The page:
Vanity Plates: Annoying but Funny

There was a car parked in front of my house the other day sporting a vanity plate that read "IL SUE U" (pictured). And I thought, "wow, that guy must be a jerk." Which got me wondering, who would want a license plate like that -- that would almost force people to make (often negative) assumptions about you without even meeting you? Why would you want to telegraph, via the bumper of your car, that you're litigious and greedy? (Note to guy: please don't sue me.)

Then again, depending on what's on the plate, I suppose it's kind of like wearing a silly tee-shirt; it all depends on what you want to telegraph about yourself. (In the case of our mental_floss shirts, you're telegraphing how cool and smart you are.) So I got my Google on, and found out just how outrageous vanity license plates can be. More than anything, it made me wonder who's approving these things -- some are NSFW!

Nerdy Plates
Normal drives won't know what these plates mean, but other nerds will -- as if they needed a secret language on the road. For instance:
I suppose this Jag is pwned rather than rented.

Nothing like a little Lovecraft Thing Without a Name reference on your bumper. Complete with ironic children's handprints.

That's what I say to cops when they pull me over for speeding.

This South Park reference wouldn't be nearly as funny if this also weren't a disabled tag.

Dirty Stuff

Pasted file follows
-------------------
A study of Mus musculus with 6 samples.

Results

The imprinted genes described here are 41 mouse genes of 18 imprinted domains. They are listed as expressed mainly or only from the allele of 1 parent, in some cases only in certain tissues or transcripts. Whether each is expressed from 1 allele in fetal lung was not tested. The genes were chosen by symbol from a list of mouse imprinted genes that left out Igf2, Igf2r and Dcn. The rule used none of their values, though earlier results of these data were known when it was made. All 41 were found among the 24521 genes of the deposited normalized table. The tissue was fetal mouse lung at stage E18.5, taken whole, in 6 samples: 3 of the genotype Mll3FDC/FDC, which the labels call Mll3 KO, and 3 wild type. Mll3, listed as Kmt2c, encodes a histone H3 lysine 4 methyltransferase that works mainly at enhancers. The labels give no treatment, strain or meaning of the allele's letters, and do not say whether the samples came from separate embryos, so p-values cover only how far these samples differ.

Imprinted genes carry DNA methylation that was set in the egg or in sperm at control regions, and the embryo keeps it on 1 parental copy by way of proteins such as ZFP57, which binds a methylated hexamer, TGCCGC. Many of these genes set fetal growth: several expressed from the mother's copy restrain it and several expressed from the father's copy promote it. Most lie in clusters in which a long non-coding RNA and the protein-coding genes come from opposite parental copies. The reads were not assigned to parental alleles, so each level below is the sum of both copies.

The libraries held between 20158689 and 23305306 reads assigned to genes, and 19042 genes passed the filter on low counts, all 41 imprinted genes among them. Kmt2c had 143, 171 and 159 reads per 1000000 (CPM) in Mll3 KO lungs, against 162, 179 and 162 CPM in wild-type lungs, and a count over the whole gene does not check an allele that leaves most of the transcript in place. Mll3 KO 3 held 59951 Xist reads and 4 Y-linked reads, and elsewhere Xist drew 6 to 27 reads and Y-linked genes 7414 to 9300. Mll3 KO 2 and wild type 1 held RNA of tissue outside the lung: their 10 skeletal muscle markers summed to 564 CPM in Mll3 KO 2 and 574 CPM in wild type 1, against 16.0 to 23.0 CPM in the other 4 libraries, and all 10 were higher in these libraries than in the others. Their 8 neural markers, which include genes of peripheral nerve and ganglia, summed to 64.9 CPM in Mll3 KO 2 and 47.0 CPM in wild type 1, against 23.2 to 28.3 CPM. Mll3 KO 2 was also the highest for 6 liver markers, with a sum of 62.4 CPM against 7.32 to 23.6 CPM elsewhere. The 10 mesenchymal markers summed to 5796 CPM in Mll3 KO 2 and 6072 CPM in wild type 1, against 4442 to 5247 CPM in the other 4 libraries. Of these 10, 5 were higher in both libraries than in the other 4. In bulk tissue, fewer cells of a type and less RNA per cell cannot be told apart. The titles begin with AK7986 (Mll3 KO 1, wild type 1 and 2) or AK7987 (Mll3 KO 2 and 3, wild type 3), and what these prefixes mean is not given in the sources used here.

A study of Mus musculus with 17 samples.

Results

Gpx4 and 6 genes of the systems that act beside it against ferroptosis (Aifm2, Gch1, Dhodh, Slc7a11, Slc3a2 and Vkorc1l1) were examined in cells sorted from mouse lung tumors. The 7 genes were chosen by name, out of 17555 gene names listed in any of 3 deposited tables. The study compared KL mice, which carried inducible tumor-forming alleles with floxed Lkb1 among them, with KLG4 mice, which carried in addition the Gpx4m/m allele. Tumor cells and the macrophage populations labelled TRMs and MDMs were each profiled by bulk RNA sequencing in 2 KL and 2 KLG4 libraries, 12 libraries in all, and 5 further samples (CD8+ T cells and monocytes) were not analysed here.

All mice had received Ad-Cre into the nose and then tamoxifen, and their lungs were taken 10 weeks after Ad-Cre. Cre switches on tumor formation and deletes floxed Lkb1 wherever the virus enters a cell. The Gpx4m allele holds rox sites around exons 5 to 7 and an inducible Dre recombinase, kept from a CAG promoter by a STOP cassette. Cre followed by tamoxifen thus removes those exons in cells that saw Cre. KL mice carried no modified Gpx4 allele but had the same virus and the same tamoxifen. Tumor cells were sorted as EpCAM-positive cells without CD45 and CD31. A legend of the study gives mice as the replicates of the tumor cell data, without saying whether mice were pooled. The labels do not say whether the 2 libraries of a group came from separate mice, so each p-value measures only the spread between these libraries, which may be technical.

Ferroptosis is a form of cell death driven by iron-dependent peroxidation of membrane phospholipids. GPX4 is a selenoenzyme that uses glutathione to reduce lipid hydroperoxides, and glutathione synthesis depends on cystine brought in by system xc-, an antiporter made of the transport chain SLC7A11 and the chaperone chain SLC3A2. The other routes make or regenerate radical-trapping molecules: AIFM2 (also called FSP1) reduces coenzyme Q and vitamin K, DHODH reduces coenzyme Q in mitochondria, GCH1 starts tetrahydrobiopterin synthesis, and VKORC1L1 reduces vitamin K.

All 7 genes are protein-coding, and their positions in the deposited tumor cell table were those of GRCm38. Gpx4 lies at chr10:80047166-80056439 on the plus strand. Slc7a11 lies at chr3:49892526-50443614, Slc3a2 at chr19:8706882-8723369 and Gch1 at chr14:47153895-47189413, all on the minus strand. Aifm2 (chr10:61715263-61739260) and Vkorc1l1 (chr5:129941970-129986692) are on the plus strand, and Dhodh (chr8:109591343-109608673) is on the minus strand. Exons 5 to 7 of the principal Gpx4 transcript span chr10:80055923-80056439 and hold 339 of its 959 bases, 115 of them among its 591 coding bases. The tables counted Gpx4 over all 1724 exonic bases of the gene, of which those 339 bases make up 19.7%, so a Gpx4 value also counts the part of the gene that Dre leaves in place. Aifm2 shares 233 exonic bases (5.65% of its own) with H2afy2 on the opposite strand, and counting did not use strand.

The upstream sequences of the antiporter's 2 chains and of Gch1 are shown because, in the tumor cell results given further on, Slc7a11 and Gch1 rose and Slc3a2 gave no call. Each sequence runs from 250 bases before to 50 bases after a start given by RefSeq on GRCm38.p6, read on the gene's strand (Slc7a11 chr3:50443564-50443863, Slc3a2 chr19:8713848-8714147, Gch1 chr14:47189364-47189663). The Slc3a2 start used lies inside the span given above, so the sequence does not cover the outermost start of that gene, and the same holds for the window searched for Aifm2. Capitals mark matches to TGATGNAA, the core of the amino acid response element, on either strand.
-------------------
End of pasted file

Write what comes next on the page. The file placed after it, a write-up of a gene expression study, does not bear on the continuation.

It's amazing to me that this stuff gets by the DMV. But if it's appropriate for our nation's highways, it's appropriate for this blog!

I wonder if that's what the front tag says, too?

Points for creativity.

I could see this on a little sporty car. But a Lincoln in Florida? (What sassy youngster filled out Grandma's DMV form?)

Probably just an Irish family name.

TMI, sir. TMI.

Looks like he got his way. Unless he's talking about another kind of ...

Vanity plates aren't free. What's the point here?

The looks this person must get driving down the street. I love it. [Image courtesy of loudgazelle.]

Always say please and thank-you.

A Very Brief History of Chamber Pots

Some of the oldest chamber pots found by archeologists have been discovered in ancient Greece, but portable toilets have come a long way since then. Whether referred to as "the Jordan" (possibly a reference to the river), "Oliver's Skull" (maybe a nod to Oliver Cromwell's perambulating cranium), or "the Looking Glass" (because doctors would examine urine for diagnosis), they were an essential fact of life in houses and on the road for centuries. In this video from the Wellcome Collection, Visitor Experience Assistant Rob Bidder discusses two 19th century chamber pots in the museum while offering a brief survey of the use of chamber pots in Britain (including why they were particularly useful in wartime).

A Tour of the New York Academy of Medicine's Rare Book Room

The Rare Book Room at the New York Academy of Medicine documents the evolution of our medical knowledge. Its books and artifacts are as bizarre as they are fascinating. Read more here.